Defying Devotional Debasement

Book cover
Consuming Visionsby By Suzanne K. KaufmanCornell Univ. Press. 280p $34.95

One of the most enduring images I have of my visit to the Shrine of Our Lady of Guadalupe in Mexico City in 1999 is the proliferation of religious goods booths, selling every conceivable souvenir or item of devotion, which one must pass in order to reach the shrine itself. I remember being troubled at being subjected to this unabashed consumer spectacle as a forced final step in my religious pilgrimage. I wondered whether, if Jesus were there, he’d be angrily overturning the tables.

This sense many of us have, and perhaps take for granted, that such commercialization somehow debases the religious reality of such holy places is the subject of Suzanne Kaufman’s Consuming Visions. Presenting us with an economic and cultural history of the emergence of the shrine at Lourdes in 19th-century France, she invites us to question our presumptions and seek to “understand how commercialized worship offered rich possibilities for expressing faith and connecting with the sacred in the modern world.” Must the bottling, sale and shipment of Lourdes water, the selling of postcards and, indeed, the selling of the shrine itself in any number of conceivable forms (from devotional items to liquor), be seen as a debasement, or can it be an enhancement of the religious reality? Didn’t such items, Kaufman proposes, allow pilgrims to leave with “a piece of the sacred,” helping them to integrate faith with modern life?


The book serves as an engaging entrée into the ways in which the re-appropriated “traditions” and popular religiosity that the shrine spawned challenged the growing secularism and anti-clericalism of fin-de-siècle France. The media not only became an effective means of promoting the shrine, but also served as a battleground for exploring the many questions that the intersection of faith and culture brought forth. Kaufman shows how the tension between faith and commercialization was a source of tension both within the church and in the larger political arena. But she also shows the savvy that shrine supporters demonstrated in using both public spectacle and various forms of publicity to draw more and more pilgrims to the site.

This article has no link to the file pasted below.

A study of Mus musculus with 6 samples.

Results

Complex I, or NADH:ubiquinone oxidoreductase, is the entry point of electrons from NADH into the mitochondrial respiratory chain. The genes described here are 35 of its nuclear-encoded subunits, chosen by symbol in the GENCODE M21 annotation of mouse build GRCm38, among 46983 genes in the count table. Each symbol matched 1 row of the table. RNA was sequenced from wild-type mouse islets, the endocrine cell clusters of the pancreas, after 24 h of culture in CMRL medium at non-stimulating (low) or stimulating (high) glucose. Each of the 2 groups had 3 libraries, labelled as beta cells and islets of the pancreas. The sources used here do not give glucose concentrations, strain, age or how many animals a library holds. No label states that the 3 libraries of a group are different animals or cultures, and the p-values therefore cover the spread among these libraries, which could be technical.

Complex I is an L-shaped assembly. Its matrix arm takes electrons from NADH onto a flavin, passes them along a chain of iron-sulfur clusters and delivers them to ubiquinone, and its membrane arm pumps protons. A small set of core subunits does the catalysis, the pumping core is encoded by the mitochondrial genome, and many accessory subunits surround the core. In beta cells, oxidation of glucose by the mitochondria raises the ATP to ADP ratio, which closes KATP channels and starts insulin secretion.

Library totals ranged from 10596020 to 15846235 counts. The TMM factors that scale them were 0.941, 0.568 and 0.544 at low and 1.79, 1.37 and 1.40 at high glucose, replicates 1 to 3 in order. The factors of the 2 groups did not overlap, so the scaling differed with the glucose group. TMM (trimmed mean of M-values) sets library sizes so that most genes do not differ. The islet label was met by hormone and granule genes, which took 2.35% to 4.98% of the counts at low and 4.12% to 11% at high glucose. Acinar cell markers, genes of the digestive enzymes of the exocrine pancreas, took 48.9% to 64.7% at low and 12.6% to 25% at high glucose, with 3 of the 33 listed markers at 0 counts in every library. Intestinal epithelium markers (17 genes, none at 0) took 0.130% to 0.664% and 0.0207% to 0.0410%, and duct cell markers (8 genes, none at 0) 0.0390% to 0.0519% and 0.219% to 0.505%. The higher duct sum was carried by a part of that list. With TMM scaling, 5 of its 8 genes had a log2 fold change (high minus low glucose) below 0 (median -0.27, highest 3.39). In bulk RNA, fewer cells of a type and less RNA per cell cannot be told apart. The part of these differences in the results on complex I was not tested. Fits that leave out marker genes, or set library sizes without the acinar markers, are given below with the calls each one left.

Kaufman, an associate professor of history at Loyola University Chicago, is especially good at showing how the Lourdes medical bureau, charged with verifying cures, was a particularly inspired and effective means of engaging the modern culture. Under the direction of Gustave Boissarie, M.D., it brought a scientific legitimacy even while debates raged as to the authenticity of reported cures. Kaufman also explores well the complicated role women played in the shrine’s growth. They made up the majority of those cured, prompting questions, based on current psychological opinions, of whether the cures were no more than manifestations of hysteria. As Kaufman sees it, the shrine also made use of them, turning them into religious celebrities who achieved a certain spiritual authority because of the divine grace they had received.

The book finishes with a discussion of the 1943 film “The Song of Bernadette,” noting that “the image of Bernadette had been produced, reproduced, and transformed into a ready-made commodity long before Hollywood producers got their hands on the humble peasant.” True enough, but this leap from turn-of-the-century France to World War II Hollywood also suggests another value of this book. From it we can see the lesson that what appears to be old-fashioned tradition, when brought into the light of modern realities, might be discovered instead to be au courant. Thus, the experience of Lourdes chronicled by Kaufman might hold answers for our own day as we struggle to rediscover our traditions in the light of postmodern realities.